I cannot recommend Lepore's book. Here's why I cannot recommend it. Lepore is an acclaimed historian, but when I got to page 23 and read what she wrote about Zuni, I hit the pause button right away.
She wrote yellow highlights are mine: In what is now New Mexico, they found a hive on baked-clay apartment houses, the kind of town the Spanish took to calling a pueblo.
Dutifully, Coronado had the Requerimiento read aloud. The Zuni listened to a man speaking a language they could not possibly understand. Some people use "hive" to characterize a state of activity but Lepore uses it to refer to the construction style of Native homes.
Others have done it, too. For hundreds of years, white people have written about Native people in ways that overtly and subtly denigrate us, casting us as inferior.
We were not, and it is wrong that such words continue to be used. Then, this acclaimed historian uses a problematic quote!
Let's take a close look at "They wore coats of iron I looked at his book. He has it as an epigraph for chapter one, and cites "Zuni tradition" see the screen cap to the right.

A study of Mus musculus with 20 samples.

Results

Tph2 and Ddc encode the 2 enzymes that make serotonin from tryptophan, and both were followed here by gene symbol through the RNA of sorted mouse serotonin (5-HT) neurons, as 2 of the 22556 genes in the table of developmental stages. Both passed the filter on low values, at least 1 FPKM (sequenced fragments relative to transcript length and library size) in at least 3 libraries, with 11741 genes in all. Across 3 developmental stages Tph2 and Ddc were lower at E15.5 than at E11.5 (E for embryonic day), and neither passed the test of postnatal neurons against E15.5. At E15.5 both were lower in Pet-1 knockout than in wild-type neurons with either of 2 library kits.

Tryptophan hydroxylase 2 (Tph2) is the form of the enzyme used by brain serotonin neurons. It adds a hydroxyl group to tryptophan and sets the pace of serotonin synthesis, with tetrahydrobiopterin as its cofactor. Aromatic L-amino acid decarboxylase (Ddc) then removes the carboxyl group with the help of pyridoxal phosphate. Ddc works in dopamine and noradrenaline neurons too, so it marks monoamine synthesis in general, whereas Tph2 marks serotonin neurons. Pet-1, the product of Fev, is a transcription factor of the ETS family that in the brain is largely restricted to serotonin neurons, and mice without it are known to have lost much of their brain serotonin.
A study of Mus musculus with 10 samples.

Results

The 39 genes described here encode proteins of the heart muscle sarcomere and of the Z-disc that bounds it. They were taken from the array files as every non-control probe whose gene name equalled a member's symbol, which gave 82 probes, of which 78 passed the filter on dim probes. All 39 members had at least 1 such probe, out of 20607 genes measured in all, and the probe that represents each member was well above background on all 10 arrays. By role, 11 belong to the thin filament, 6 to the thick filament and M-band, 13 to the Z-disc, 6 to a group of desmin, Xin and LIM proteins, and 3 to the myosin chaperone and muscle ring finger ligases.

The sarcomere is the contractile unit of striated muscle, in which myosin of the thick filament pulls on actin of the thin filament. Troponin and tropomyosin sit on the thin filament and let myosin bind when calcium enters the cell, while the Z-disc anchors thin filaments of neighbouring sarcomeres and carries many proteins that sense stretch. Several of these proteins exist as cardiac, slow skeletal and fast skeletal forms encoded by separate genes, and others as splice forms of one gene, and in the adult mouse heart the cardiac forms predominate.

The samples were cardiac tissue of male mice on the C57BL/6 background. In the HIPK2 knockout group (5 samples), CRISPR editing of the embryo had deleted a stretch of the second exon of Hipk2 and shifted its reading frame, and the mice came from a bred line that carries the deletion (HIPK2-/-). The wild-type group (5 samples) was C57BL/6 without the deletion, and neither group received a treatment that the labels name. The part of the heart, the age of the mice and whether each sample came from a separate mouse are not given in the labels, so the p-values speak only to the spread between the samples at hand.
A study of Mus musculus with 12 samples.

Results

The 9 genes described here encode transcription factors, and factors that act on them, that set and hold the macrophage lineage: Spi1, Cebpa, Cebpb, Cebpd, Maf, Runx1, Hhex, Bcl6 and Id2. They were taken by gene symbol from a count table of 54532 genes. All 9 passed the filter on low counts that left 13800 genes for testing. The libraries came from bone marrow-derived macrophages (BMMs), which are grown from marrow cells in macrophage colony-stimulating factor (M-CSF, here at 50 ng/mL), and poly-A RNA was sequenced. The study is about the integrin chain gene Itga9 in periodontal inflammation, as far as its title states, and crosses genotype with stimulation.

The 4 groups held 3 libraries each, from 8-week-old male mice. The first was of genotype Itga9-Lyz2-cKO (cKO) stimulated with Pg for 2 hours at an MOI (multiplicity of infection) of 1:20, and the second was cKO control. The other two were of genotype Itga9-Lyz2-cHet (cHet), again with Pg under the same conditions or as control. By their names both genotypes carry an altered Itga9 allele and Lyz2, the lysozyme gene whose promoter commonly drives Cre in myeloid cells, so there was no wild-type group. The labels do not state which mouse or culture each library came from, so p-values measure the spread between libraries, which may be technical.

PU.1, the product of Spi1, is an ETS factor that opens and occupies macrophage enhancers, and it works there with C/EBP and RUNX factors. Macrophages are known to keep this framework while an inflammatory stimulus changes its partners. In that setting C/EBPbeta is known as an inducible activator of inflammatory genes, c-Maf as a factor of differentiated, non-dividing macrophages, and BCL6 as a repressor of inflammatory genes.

Lepore is a professor, teaching students how to become historians. When I was a professor in American Indian Studies, it was important to me that students learn that they must be critical of sources they used in their studies.
Presumably, Lepore saw Weber's source when she chose to use it for her book. Did she think "Zuni tradition" was sufficient? With the internet, it is simple enough to figure out sources.
Here's a screen capture of that passage purple highlight is mine: On the previous page, Lowery tells us his source: Cushing--acclaimed by some--is far from a reliable source of Zuni history.Halo Nation apologizes for the video displayed at the top of this page.